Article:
Legal Trickery – Eric A. Parzianello


Posted by Eric Parzianello on November 3, 2010

Are you contemplating stealing away a competitor’s employee for your own company? While you may ultimately not have to pay damages for interfering with your competitor’s business, your defense costs may be significant.

On October 25, 2010, the Florida First District Court of Appeal reversed a trial court’s decision, prior to trial, to dismiss a lawsuit brought by a physician group against a former employee and her new employer. In Southeastern Integrated Med., P. L. (“SIMED”) v. North Florida Women’s Physicians, P. A. (North Florida) , SIMED and Dr. Carroccio entered into a Employment Agreement. Dr. Carroccio agreed to provide professional services to SIMED’s patients as a full-time medical doctor. The parties’ Employment Agreement contained a covenant not to compete which provided that upon termination of employment, “Dr. Carroccio was restricted for two years from providing medical services within a twenty-five mile radius of any SIMED medical office.”

Eleven months into the Employment Agreement, SIMED learned that North Florida solicited Dr. Carroccio to leave SIMED and to work at North Florida despite having knowledge of the Employment Agreement. Dr. Carroccio accepted the offer to work for North Florida and informed SIMED that she was quitting. SIMED sued Dr. Carroccio and North Florida alleging that it suffered damages in the loss of legitimate business interests, including substantial relationships with specific patients.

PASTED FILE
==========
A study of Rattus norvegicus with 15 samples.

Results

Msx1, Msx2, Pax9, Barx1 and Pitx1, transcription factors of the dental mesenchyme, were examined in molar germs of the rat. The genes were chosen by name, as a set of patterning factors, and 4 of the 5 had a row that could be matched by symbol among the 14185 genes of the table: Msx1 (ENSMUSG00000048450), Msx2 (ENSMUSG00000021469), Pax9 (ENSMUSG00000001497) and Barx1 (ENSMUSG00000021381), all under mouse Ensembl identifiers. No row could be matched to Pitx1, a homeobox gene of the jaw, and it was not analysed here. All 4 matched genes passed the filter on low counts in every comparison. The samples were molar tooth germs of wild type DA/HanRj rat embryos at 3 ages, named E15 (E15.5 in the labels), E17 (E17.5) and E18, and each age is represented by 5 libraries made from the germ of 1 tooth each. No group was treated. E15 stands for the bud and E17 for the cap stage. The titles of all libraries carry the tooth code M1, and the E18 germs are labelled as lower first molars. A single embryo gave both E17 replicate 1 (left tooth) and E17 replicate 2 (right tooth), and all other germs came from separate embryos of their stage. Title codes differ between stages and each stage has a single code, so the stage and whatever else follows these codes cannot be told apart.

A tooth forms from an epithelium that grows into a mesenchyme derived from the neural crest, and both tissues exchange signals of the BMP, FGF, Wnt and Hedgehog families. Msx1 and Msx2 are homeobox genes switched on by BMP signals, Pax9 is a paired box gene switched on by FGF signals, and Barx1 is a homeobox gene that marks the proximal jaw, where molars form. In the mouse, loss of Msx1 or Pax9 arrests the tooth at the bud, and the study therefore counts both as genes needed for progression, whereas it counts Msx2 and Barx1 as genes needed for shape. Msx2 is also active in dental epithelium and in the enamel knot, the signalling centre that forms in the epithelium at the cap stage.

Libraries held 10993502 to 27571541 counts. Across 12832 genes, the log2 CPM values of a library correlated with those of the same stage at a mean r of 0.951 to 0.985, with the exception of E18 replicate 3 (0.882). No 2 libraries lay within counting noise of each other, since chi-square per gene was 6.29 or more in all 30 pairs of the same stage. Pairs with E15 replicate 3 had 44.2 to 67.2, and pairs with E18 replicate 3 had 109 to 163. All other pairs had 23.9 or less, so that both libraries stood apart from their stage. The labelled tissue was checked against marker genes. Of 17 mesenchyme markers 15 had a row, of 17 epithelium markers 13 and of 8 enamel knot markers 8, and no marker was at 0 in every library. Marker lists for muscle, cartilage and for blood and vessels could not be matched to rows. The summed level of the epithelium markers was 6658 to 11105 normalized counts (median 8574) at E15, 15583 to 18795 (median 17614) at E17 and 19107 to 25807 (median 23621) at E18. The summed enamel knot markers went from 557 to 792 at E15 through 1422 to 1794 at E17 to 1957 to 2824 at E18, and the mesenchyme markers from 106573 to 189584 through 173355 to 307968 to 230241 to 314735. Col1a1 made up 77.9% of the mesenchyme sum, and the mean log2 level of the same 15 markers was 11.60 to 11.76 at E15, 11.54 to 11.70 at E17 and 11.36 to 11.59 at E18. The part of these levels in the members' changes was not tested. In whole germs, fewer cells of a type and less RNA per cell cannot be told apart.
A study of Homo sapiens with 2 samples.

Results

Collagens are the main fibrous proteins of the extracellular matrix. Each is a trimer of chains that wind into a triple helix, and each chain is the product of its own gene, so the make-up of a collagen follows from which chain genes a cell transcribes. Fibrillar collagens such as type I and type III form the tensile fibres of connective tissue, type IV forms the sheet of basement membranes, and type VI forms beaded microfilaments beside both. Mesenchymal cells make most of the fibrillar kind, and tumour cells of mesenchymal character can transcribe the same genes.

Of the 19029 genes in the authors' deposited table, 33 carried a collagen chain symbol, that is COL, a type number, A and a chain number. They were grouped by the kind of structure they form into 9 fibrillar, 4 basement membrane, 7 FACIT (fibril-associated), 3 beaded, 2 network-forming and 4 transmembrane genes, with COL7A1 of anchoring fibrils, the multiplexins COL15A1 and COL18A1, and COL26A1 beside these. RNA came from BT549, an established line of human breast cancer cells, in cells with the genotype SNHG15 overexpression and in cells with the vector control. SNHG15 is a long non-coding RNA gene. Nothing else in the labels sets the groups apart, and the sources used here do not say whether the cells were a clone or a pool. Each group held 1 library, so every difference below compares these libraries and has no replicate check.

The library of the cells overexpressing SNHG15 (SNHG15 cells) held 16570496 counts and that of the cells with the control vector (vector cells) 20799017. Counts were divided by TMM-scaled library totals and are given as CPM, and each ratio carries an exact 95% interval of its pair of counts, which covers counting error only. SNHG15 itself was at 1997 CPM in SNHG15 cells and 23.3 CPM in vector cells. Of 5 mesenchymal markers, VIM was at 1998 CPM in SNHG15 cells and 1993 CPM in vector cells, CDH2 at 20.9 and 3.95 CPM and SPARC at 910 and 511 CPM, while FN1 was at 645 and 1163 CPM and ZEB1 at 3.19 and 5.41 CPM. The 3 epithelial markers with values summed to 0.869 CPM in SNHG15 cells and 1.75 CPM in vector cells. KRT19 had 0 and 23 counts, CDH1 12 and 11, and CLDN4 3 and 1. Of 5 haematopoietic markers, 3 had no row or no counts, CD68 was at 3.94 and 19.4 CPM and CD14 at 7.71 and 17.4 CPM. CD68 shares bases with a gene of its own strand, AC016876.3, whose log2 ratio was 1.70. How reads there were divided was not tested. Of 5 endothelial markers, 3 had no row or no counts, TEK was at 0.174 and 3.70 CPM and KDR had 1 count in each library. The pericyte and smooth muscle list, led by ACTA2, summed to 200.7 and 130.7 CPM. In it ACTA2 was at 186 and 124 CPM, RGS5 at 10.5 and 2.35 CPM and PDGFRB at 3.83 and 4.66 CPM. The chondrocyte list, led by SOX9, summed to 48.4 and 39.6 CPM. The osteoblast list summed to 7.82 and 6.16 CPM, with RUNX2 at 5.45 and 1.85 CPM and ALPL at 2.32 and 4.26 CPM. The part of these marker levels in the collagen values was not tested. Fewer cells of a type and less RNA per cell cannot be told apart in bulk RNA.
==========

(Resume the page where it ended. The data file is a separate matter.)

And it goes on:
The trial court found that North Florida’s conduct was not actionable because it had a legitimate, competitive business purpose, “i.e., North Florida was free to compete with SIMED in recruiting physicians to its practice.” The trial court therefore dismissed the complaint. However, the appellate court found that it was improper for the trial court to consider North Florida’s motives in recruiting Dr. Carroccio without hearing evidence on the issue. It therefore sent the case back to the trial court for further proceedings.

While North Florida may ultimately prevail in the trial court, it will have already paid considerable attorney defense costs for the original proceedings in the trial court, then in the appellate court, then back in the trial court and then, perhaps, in the appellate court again. If you’re planning to hire an employee with a non-compete agreement away from a competitor, consult your counsel and develop a cost-benefit analysis. That employee may provide a considerable amount of profit for you. On the other hand, the analysis may conclude that the potential upside does not outweigh the cost of litigation.